Teaching real 'knife' skills

Corporate chef talks to Newport Harbor class about the culinary profession and offers tips.

November 13, 2010|By Tom Ragan,
  • Janet Dukes shows Jose Romo, 17, how to cut the peel from an orange during a cooking demonstration at the culinary arts academy at Newport Harbor High School on Tuesday.
Janet Dukes shows Jose Romo, 17, how to cut the peel from… (SCOTT SMELTZER,…)

For those who aren't sure how hot that serrano chili pepper is once it hits the soup, remember this: The seeds aren't what make the pepper hot; that's been a misnomer for years. What gives the pepper its heat are the veins inside it — at the base, not the tip.

So if you don't want whatever it is you're cooking to be too hot, just cut a small vein out of the tip and you'll be OK.

As for pomegranate, if you want to look cool around school, just buy a few pieces of fruit at the grocery store, roll them around on a hard counter top to "juicen them up," then stick straws in the top of them.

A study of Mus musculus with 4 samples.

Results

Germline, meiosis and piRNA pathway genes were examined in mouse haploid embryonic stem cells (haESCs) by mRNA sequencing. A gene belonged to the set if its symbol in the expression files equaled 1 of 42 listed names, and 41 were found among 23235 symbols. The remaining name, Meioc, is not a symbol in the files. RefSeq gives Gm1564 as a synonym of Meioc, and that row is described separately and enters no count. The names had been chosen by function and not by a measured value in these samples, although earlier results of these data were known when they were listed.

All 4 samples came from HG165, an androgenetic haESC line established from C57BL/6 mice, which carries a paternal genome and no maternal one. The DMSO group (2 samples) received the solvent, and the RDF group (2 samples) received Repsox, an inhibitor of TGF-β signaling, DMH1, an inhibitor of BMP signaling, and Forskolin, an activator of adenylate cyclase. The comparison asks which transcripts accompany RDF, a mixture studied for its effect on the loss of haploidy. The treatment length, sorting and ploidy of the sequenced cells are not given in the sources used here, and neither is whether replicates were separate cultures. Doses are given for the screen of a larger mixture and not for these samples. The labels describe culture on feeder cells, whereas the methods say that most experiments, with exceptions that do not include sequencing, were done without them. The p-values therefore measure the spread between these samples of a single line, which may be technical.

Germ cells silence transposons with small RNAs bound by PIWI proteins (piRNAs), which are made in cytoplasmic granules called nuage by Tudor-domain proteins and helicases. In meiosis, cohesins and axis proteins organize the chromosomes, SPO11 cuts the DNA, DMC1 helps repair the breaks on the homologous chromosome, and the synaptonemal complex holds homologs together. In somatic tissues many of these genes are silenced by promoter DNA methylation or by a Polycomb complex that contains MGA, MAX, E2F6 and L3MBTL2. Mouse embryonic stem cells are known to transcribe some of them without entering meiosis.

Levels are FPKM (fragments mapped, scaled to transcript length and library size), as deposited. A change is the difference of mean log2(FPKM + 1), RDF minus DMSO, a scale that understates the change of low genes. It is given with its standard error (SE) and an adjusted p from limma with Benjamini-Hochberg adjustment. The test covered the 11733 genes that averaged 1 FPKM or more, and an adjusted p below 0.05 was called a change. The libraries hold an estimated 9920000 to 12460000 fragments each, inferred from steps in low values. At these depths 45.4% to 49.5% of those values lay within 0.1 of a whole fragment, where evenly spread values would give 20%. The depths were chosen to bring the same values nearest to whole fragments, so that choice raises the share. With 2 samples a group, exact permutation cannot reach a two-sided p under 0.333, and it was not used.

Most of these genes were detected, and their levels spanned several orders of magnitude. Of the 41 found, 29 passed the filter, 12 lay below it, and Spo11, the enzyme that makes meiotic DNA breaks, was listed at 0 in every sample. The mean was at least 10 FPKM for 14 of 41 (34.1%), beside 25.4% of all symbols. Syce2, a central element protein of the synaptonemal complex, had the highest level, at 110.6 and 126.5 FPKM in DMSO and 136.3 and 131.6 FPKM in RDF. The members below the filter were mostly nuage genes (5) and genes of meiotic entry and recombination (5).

Newport Harbor High School students received these and other tips in culinary arts last week in a two-day presentation given by Miki Hackney.

She's the executive chef for Melissa's, a fruits and vegetables distributor based in Los Angeles.


Janet Dukes, Newport Harbor's food and culinary arts instructor, met Hackney at a recent symposium held by Les Dames de Escoffier International and was so impressed by Hackney's abilities that she invited her to class.

Hackney taught the students how to hold knives properly so they don't cut their fingers.

In between her hands-on instruction, Hackney also enlightened the 30 students on the culinary profession.

"Get ready for 16-hour days if you want to be a line chef," she said, adding that a career as a chef isn't the only option.

There are many other job opportunities in the field.

For example, if students decide to go to culinary school, they can become restaurant critics or use their skills to help restaurants reinvent themselves, a recession-era trend.

Peppered in between the career talk were real life cooking skills, including a few that some culinary aficionados might love to know.

For example, learn the exact size of your palm and thumb. You can use the hand as a measuring tool.

"I know that my thumb yields about a tablespoon of ginger root," she said.

"The size of your thumb," she added, "is usually a tablespoon of something. If you put salt across the thumb, it's about a tablespoon. The point is, you don't have to become reliant on certain kitchen measuring tools. For baking you do, but for cooking, you don't."

Freshman Katie Kirk said she learned a lot from the class.

"I think I want to be a chef," she said. "Or maybe I'll get into some form of business management."